Local schools are selecting agriculture education "pathways" under new state requirements intended to better assess their programs and improve articulation to colleges.
"It's a little clearer what students are learning, what students are coming out with," said Ike Kershaw, assistant director of career technical education for the Ohio Department of Education.
The state has determined seven career pathways, each of which contains a number of specific course descriptions from which schools can choose their offerings. A school must offer at least four courses a year in order to continue receiving state funding to support its ag program. Students will also be assessed on what they've learned.
At a recent Marietta City Board of Education meeting, high school ag teacher and FFA adviser Brian Welch explained that for years, ag classes tended to be very broad, allowing teachers to adapt their courses based on local needs. The downside was that each school's offerings varied, which could present a challenge in determining how much college credit they'd earned.
"It was very difficult for Ag I, II, III or IV to transfer," Welch said.
Welch recommended the school go with the agribusiness and production systems pathway. Since classes are more specific, he said, there won't be the usual rotation of four to six weeks of animal science, plant science and others as in the past.
Agricultural and industrial equipment.
Agribusiness and production systems.
Natural resource management.
Animal science and management.
Food science and technology.
Biotechnology for food, plant and animal science.
Source: Ohio Department of Education.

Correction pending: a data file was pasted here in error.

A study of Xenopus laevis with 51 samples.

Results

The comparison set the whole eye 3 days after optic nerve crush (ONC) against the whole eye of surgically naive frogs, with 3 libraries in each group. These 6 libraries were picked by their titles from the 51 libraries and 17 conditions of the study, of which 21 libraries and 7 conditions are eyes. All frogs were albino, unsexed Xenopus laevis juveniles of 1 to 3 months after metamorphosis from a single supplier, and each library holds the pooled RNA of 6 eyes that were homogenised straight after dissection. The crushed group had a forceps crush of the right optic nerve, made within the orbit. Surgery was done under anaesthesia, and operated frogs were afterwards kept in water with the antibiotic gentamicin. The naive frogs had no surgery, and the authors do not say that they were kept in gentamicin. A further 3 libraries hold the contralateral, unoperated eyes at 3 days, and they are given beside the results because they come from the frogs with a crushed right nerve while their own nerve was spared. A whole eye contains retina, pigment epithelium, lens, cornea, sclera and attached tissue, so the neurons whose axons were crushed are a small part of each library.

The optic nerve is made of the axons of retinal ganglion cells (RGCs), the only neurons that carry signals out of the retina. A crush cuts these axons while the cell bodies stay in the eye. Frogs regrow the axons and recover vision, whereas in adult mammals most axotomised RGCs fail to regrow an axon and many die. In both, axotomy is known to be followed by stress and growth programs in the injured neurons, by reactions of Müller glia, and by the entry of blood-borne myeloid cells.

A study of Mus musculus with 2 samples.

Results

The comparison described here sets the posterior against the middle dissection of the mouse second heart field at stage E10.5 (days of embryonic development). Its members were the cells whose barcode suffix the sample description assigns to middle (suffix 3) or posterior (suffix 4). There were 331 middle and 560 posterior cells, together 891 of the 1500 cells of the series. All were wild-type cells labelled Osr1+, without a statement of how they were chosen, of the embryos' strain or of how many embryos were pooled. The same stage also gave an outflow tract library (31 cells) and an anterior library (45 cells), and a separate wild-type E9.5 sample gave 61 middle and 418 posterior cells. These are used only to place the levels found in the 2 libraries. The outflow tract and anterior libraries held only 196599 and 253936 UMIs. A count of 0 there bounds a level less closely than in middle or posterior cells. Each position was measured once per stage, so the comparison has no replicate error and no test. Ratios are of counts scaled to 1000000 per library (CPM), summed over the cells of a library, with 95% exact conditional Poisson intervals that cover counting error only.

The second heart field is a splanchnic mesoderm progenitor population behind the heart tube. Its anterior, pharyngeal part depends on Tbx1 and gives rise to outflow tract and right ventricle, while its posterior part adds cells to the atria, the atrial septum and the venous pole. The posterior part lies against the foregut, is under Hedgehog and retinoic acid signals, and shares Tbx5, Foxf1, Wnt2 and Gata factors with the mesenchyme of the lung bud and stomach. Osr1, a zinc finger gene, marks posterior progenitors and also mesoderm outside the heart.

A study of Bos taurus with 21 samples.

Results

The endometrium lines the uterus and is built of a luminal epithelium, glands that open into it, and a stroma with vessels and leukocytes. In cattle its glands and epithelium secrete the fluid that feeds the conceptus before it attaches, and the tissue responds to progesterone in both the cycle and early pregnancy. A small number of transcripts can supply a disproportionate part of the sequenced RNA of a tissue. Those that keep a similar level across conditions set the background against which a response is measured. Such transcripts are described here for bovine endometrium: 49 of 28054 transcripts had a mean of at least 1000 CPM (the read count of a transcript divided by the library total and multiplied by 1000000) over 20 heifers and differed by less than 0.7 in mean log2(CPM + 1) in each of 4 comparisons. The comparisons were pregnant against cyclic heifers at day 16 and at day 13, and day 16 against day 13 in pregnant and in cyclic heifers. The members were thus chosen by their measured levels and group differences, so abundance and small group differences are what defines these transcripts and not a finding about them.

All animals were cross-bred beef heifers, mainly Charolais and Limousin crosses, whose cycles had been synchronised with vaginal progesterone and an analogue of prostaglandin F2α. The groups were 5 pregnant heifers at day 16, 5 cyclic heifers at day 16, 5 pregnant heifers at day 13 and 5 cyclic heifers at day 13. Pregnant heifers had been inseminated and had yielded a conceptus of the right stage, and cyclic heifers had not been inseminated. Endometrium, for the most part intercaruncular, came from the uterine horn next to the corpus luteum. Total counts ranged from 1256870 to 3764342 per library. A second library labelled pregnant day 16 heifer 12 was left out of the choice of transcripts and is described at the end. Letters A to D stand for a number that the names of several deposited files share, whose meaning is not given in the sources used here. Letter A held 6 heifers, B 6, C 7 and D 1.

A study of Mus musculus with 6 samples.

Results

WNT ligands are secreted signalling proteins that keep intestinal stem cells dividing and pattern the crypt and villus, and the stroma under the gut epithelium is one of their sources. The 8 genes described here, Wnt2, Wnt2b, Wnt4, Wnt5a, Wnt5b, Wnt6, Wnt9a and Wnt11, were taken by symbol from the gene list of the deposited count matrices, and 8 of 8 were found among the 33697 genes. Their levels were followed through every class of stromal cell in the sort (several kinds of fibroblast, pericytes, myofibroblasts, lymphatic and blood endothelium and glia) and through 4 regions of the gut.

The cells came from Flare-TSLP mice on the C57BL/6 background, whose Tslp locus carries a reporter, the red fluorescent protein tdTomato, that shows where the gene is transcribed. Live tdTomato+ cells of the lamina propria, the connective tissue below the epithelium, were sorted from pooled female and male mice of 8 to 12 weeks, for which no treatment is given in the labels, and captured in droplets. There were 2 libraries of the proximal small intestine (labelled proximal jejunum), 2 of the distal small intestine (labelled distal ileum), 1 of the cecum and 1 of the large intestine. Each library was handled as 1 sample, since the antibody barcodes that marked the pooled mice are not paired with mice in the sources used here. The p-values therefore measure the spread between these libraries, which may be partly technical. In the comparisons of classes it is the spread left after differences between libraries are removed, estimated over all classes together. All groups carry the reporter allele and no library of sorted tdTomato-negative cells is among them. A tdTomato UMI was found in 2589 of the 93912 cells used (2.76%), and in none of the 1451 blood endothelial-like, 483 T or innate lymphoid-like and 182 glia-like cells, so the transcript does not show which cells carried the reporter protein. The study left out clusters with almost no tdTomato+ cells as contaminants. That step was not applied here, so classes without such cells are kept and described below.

"The unfortunate side of it is there might be a little less room for wrench-turning for some of my mechanical students," he said.
But Welch pointed out the school can change the classes it offers within the pathway.
The change is not intended to take away local flexibility, Kershaw said. In addition to being able to choose courses under a specific pathway, the context for the courses is open, meaning schools can focus on animals and agricultural methods specific to their region, he said.
Like Marietta, the Fort Frye and Waterford Local school districts have chosen the agribusiness and production systems pathway. Information on other districts was not immediately available.
"It's most closely related to what's been successful," said Noreen Mullens, curriculum director for Fort Frye Local Schools.
Waterford High School ag teacher Matt Hartline said the pathway is more traditional and he doesn't expect to have to come up with a lot of new material.
One potential area of concern is the requirement to offer four year-long classes or lose funding. Smaller schools, like Waterford, might struggle to get enough students to take them, Hartline said.
"That's a real negative end of it for smaller high schools," he said.
Although the school's animal science class only had one student this year, Hartline said he doesn't expect filling the classes to be a problem.
The district receives $3,636.84 for ag and similar programs, according to Wolf Creek Treasurer Rachel Miller. Hartline said that loss would not eliminate the program but it could have other effects.
While the changes can seem confusing at first, Hartline said he thinks they will end up being positive, especially the addition of assessments.
"Basically it's like anything else - are we teaching what we're supposed to be teaching or are we giving you guys money to build sawhorses all year?" he said. "It makes our program more credible."